I've have previously blogged (read: fangirled) about the groundbreaking research done by Dr. Jessamy Kelly over the course of her five years of work towards her PhD and I am consistently shocked by how little press her work has been over the last three years. With how small the glass and ceramic communities are things can sometimes spread like wild fire whereas the study of combining glass and ceramic in a hot state appears to have been dismissed as dead end avenue. Like a road that starts off paved and ends in a roadblock with alligators circling just beyond the cracks in the pavement.
Okay, so that's a bit of a colorful way to put it - but I'm just so muffed at the lack of coverage on her work, after all it is strikingly beautiful -
The reason I'm referring to her work again - and yes, there is a motive other than the pretty pictures - is because her work has recently become a huge inspiration for me because I myself struggle with my admiration for both glass and ceramic materials and to be able to combine both of those in my studio practice in a way that is different from the common technique of cold-working and mold casting things in a separate manner could by the thing that keeps me devoted to the like of a maker.
Although glaze materials will flux and form a glass-like shell on a ceramic piece, the feeling between a glazed ceramic work and Kelly's work is completely different. There is an atmosphere that resides with her work that I believe is lent by the unique properties of glass, mainly the transparency but even including the neutrality of it's opaque spectrum. The way the world around is is perceived is usually generalized as being done through our senses; which is true. However, the process of perception and what we do and do not witness it significantly more complicated and is based upon not only visual, auditory, and kinesthetic experiences, but additionally on the internal constructs of an individuals brain through previous experience and spatial mapping. What this means is that so little of the world is actually perceived in a consistent manner between individuals - much the same way that as a child you are taught the visual of a color but what you see may be a shade of blue rather than a shade of orange because your teacher cannot access the archive of your brain and realize that you brain has constructed the color through the information provided differently than other children in the same classroom.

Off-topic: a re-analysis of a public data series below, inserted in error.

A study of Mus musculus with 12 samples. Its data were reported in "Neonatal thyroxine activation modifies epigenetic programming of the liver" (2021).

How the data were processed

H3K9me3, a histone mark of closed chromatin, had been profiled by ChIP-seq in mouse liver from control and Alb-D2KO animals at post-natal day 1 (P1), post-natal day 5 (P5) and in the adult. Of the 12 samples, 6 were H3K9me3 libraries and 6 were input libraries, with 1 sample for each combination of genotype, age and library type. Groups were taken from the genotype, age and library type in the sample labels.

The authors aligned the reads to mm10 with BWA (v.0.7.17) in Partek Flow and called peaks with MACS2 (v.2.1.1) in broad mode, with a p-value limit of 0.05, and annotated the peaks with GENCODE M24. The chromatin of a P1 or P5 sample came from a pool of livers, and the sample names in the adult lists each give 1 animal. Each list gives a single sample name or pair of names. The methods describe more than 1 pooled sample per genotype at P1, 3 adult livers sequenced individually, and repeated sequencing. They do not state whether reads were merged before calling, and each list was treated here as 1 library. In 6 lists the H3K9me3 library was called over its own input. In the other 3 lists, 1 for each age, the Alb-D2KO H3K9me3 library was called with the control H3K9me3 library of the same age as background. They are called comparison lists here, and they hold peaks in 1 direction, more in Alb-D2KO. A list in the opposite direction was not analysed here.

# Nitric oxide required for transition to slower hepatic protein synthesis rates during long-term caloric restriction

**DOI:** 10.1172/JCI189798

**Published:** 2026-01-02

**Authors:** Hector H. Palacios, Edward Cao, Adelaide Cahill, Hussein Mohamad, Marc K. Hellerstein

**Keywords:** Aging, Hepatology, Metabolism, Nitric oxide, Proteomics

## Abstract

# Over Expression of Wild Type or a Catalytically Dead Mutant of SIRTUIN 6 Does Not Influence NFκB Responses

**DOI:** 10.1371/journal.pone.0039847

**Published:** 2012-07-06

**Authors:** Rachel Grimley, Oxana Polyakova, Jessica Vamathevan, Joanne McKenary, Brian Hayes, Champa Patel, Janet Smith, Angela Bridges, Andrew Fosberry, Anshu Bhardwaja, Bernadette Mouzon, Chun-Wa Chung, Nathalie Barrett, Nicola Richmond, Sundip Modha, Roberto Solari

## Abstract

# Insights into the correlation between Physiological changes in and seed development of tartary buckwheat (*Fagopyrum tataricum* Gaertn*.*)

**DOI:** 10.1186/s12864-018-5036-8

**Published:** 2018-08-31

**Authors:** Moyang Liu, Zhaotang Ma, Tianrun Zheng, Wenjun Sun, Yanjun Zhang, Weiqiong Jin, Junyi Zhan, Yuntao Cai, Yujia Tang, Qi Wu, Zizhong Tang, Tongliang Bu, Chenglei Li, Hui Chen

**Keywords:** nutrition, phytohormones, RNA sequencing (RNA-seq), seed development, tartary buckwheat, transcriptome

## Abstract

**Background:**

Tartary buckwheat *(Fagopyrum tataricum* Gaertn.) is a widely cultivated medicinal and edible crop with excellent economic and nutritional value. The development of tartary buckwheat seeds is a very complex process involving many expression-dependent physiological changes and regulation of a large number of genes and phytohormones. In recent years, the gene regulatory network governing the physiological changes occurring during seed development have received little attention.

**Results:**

What even came first, the chicken or the egg! Augh! How does this even apply to life!
But for real, though.
All that use(ful)less information I just threw at you like a five pound bucket is important to me because it teaches me to remember that the world is colored in greys; in this way Kelly's work and the very nature of glass appeals to me because the transparency of the medium can be utilized to approach a different view of the piece. The best examples of this are the areas of her pieces where you can view the planes of the glass and ceramic meeting and fusing, it is a revealing image into the process of the two materials coming together and speaks of the ways that things in the world have a tendency to collide. On the deepest level these pieces are for me like the intricacies of human relationships, more specifically the nature of familial ties and this ever perplexing sense of identity and responsibility to another human being even though you can't quite see how your life actually has any reason to connect to theirs.
This is one of the reasons that I have fallen into love with glass as a medium, it is a form of art that can be as complex and opaque or simple and transparent as desired to allow for moments of revelation.
Jessamy Kelly's work can be seen here, and unfortunately the only youtube source on her I have come across can be viewed below.